I realized that I couldn't stay in that place another day. But a neighbor's guest house in the process of remodeling proved even more toxic. After one night here, I began having bad neurological symptoms. That started me on a summer of sleeping on porches, in performance spaces, un-carpeted offices, and couches. One afternoon, while venting to a co-counselor about the challenges I faced, and all the investment in my old apartment that I was abandoning, I said "I wish I could live in a Romany wagon." That way if a neighbor started spraying poison, I could drive away and take my house with me.
In the five years since then, I've done massive amounts of research. I learned about designing small spaces from tiny house pioneers at Tumbleweed Tiny House Company, and pored over floor plans, and books full of small shelters of every kind. But Tumbleweed's houses are build with standard materials: plywood and fir and pine boards, and they rely on propane for heat and cooking. Plywood outgasses formaldehyde, pine and fir have terpines, that nice piney smell of fresh cut wood that can cause respiratory irritation, and I don't tolerate propane.
While I began researching alternatives for the basic structure, I was also wrestling with the many possibly ways to move a small home around. The tiny house builders I consulted were designing homes that would move every so often, but I wanted to be able to travel, and it was clear to me that pulling a tiny house with a regular trailer hitch is not a safe way to live on the road. I looked at the motor home option, but it's very hard to strip all the toxic materials out of a motor home, and having the living quarters and the driving mechanism all in one unit means that some leakage of engine fumes is almost inevitable. The same went for bus conversions.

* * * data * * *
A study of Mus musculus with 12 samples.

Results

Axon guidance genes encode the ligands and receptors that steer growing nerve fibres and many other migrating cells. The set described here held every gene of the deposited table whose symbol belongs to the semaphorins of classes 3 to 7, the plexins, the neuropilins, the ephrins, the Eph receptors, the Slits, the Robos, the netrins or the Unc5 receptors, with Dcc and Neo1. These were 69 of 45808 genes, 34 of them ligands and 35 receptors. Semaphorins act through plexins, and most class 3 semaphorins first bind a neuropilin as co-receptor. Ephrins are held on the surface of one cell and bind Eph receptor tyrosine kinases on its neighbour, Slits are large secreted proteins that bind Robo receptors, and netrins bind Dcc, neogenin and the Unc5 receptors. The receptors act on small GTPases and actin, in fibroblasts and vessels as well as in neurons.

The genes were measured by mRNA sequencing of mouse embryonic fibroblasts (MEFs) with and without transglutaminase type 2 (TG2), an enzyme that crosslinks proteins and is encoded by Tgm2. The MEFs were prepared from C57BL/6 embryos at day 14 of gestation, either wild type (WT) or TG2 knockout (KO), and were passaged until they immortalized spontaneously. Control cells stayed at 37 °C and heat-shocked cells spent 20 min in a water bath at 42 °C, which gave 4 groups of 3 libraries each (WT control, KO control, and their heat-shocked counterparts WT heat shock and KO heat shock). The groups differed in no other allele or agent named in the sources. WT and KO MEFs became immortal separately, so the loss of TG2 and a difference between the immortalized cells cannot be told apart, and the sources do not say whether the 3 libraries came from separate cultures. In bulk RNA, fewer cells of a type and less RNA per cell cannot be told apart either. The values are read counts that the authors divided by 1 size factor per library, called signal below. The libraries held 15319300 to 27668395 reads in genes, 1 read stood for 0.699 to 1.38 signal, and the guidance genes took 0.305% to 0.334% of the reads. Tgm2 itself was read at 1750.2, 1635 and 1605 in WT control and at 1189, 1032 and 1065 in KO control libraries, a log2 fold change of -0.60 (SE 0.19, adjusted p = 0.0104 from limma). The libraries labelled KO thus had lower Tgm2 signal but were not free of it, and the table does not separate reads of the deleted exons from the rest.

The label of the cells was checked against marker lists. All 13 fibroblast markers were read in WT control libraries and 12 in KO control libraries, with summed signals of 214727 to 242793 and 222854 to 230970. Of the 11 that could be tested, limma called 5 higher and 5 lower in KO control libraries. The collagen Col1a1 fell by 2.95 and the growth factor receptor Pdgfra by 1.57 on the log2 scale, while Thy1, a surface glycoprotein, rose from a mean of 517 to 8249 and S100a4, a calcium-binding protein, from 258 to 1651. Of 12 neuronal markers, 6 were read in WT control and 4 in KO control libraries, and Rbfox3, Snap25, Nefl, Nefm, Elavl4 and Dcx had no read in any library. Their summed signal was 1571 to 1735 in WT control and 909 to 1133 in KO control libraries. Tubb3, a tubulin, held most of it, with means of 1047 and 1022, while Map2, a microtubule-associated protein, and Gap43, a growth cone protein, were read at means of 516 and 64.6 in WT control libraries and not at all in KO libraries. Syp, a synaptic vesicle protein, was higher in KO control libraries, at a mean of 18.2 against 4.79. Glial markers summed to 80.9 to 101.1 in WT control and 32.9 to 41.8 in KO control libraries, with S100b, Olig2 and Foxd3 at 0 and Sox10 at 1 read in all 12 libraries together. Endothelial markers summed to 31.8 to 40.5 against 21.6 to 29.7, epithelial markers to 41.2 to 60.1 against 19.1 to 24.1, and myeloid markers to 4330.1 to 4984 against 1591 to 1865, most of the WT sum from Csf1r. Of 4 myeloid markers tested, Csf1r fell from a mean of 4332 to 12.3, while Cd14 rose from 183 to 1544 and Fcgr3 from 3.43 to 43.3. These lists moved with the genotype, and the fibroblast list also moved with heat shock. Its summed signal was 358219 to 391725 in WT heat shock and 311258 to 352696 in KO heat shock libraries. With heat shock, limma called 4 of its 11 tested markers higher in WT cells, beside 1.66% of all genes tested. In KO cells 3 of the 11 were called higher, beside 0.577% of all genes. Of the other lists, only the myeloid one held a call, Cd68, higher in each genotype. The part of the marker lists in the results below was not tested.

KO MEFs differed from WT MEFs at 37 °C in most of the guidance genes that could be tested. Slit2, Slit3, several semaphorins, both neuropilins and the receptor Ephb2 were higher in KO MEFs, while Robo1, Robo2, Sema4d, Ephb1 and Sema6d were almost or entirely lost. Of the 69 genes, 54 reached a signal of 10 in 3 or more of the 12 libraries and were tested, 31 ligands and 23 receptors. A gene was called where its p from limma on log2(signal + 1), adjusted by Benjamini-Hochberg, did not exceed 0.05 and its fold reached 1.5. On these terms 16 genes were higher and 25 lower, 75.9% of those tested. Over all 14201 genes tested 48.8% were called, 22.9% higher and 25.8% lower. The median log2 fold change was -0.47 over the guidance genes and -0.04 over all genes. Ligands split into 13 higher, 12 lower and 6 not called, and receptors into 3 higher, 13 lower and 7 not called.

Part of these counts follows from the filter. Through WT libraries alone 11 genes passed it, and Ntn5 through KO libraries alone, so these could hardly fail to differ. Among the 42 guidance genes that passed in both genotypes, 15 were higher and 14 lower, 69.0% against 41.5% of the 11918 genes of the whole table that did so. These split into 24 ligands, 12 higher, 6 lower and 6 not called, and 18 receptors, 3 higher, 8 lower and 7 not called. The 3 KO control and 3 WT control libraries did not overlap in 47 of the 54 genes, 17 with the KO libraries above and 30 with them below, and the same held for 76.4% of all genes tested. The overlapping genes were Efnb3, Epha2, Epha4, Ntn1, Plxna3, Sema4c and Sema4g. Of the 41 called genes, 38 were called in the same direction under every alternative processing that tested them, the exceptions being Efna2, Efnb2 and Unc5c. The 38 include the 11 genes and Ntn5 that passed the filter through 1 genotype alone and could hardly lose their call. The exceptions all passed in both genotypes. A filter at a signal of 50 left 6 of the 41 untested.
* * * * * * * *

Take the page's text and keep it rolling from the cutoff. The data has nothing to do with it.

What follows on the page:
My next idea was to build inside a box truck. The motor would be more separated from the home than in a motor home or bus, and more stable than a trailer. But as I started looking into sustaianable fuel options, that became less and less appealing. If I built inside a box truck, I'd be stuck with that vehicle, and none of the current alternatives are practical for a big heavy truck. Electric vehicles don't yet have the horsepower or charging capacity to haul big loads long distances. Vegetable oil is for the young and able bodied. It takes a lot of work to make the oil into a fuel that won't gum up the engine, and I don't have the capacity. Biodiesel is not really available. What's marketed as biodiesel is usually 20% vegetable oil and 80% fossil fuel. And in much of the world, the idea of feeding corn to engines instead of people is akin to a war crime.
Vision Corp makes a hydrogen fuel cell big rig truck, (for $175,000) but although there's a tipping point in sight, no one has a functioning solar powered hydrogen generator yet. In the future I may be able to use a fuel cell truck with an on board solar generator, but that's not now.
So I finally decided on a 5th wheel or gooseneck trailer. It's more stable than a regular towing hitch, but has the advantage of being separate from the engine, has a bunk that sits over a pickup truck bed, adding a sleeping space to the original 24' floor plan, and the truck I use to pull it can be switched out when a more sustainable option comes on the market.
And rather than buying a flatbed trailer and building up a structure from scratch, I can buy a gooseneck trailer shell, made of 100% aluminum, with no structural wood at all. Stay tuned to learn the thinking behind my other decisions, and some of the choices that are still pending.